Dame Cindy Kiro says her maiden visit to Waitangi as Governor-General was “incredibly moving”, after being officially welcomed onto the upper marae, Te Whare Rūnanga, on Friday.
It was her first time at Waitangi since becoming Governor-General in October last year.
Dame Cindy is the first wahine Māori to hold the role and has Ngāpuhi, Ngāti Hine, and Ngāti Kahu whakapapa (heritage).
She said the event at Waitangi was in a way her iwi's opportunity to share her with the rest of the nation, which was a "wonderful kaupapa".
"It's incredibly humbling, it's so moving. I’ve worked hard to get the medals that I've got, but actually you can never take away the things that are etched in your heart.
"And I feel so connected to Tai Tokerau, because I'm from here."
Her visit to Waitangi comes on a significant day for the region, with May 13 the date the last Tai Tokerau signature was recorded on Te Tiriti o Waitangi.
Ngāti Hine leader Waihoroi Shortland spoke of the significance of Dame Cindy’s appointment to the role as a wahine Māori.
“Today the personage of the queen, of the crown, and the personage of Māoridom are found in one person, how unique is that? You know, that’s the huge celebration that’s the huge recognition of this particular day.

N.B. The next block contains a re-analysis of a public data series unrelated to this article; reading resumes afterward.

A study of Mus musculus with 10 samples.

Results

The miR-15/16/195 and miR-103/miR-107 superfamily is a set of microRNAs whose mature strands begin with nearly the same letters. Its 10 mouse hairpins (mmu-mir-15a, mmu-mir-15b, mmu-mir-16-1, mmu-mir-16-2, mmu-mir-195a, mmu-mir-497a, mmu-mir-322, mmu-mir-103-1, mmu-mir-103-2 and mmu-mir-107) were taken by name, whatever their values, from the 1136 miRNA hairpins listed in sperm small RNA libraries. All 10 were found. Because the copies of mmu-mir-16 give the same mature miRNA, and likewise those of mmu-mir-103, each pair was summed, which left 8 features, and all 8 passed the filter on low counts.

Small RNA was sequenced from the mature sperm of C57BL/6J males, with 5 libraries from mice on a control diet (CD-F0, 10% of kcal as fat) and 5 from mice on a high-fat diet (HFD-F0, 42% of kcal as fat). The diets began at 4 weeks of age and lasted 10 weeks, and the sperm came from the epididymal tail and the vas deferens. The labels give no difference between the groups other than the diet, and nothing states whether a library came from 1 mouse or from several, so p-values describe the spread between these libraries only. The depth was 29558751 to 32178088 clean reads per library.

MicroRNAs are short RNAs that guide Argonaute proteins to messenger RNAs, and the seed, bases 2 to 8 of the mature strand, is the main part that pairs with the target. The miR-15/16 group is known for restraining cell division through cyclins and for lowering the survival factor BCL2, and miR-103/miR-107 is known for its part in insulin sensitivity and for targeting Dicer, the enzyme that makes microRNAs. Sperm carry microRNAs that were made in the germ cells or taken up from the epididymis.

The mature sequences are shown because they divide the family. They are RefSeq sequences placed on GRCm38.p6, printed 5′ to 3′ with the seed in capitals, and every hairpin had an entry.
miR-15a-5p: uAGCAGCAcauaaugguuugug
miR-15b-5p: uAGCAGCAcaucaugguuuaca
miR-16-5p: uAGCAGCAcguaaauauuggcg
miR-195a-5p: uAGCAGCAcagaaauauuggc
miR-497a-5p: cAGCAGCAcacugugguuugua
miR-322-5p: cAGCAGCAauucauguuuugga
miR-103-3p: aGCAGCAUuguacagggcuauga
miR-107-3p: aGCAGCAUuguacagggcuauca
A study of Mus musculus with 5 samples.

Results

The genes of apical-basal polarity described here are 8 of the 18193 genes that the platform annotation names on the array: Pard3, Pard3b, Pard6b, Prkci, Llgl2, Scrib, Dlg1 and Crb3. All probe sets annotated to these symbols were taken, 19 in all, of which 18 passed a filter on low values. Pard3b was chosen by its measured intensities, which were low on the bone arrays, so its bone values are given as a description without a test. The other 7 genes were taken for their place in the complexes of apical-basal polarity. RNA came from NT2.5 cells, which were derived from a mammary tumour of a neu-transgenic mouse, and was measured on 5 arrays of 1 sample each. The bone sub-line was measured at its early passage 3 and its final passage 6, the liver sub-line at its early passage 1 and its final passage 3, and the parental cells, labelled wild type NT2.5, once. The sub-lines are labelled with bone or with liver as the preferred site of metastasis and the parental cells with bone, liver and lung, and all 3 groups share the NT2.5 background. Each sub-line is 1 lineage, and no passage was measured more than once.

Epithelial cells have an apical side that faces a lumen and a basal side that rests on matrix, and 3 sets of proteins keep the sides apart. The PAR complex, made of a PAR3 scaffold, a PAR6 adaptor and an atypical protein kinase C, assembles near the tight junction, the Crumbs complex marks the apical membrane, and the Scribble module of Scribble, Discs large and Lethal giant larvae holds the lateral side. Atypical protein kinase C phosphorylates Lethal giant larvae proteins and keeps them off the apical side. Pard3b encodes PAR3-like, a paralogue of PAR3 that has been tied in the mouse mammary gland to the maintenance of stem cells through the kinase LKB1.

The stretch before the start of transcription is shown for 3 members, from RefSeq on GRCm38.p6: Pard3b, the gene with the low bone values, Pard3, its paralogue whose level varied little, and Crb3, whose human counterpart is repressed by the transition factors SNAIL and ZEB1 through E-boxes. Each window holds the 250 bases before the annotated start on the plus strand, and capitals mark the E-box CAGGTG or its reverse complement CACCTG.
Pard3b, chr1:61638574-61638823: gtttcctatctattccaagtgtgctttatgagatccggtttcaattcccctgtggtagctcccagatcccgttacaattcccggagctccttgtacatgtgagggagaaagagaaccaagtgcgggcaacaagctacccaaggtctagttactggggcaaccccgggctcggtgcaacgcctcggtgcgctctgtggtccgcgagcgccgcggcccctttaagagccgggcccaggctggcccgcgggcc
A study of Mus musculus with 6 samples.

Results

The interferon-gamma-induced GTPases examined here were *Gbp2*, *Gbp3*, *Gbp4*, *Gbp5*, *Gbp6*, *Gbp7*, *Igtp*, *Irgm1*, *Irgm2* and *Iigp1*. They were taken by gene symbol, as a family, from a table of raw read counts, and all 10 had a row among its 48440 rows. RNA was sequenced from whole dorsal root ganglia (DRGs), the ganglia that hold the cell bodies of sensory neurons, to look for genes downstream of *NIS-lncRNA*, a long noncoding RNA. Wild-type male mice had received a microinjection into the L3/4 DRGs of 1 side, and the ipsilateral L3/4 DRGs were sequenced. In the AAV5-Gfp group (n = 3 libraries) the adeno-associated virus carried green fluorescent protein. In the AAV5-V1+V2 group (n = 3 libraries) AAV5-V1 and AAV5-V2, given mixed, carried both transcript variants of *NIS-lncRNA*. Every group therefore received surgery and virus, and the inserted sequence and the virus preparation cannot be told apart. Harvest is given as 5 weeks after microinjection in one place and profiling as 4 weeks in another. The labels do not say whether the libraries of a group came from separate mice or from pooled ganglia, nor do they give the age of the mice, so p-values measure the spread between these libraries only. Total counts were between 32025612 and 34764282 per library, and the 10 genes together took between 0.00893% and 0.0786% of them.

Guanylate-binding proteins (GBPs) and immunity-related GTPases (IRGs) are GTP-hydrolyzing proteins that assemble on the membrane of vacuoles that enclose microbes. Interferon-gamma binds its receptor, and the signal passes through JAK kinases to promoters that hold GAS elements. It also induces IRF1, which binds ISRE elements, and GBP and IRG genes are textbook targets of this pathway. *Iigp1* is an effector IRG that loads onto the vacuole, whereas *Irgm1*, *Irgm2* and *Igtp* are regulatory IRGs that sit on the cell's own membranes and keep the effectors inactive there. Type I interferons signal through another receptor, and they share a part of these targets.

"For the first time in the history of the Treaty both things are now included in the personage of one person."
The Māori King Te Arikinui Tūheitia Paki was there along with a group from Waikato Tainui, as was Defence Minister Peeni Henare, and a number of Northland leaders.
The Waikato Tainui group stood to sing a Ngāpuhi waiata, pairing it with a traditional Waikato dance - the kopikopi - which Dame Cindy said was a gesture of peace.
"I thought it was a marvellous sense of a celebration and coming together and the fact that iwi were willing to work together."
On Thursday, Dame Cindy was welcomed home to her marae, Mōtatau, south of Kawakawa to celebrate her becoming Governor-General. She is of both Ngāti Hine and Ngāpuhi descent.
Dame Cindy was presented with a kahukiwi cloak named Te Ata o Te Whenua, which originates from a Māori proverb by rangatira Nōpera Panakareao.
Former NZ First MP Shane Jones told Te Karere the meaning behind the cloak: “While the shadow of the land is given, the inherent authority and life essence will remain (with Māori).
"That's what Panakareao said when the Treaty was brought by non-Māori to Kaitaia and was signed by the people of Te Aupouri, Te Rarawa and Muriwhenua," Jones said.
Dame Cindy said the cloak covered her not just physically, but metaphysically.
"Connecting me back to our tūpuna and forward to our descendants,” Dame Cindy told her whānau at Mōtatau.
“Wherever I go in Aotearoa or internationally representing the people of New Zealand, I will take with me your aroha and your support.”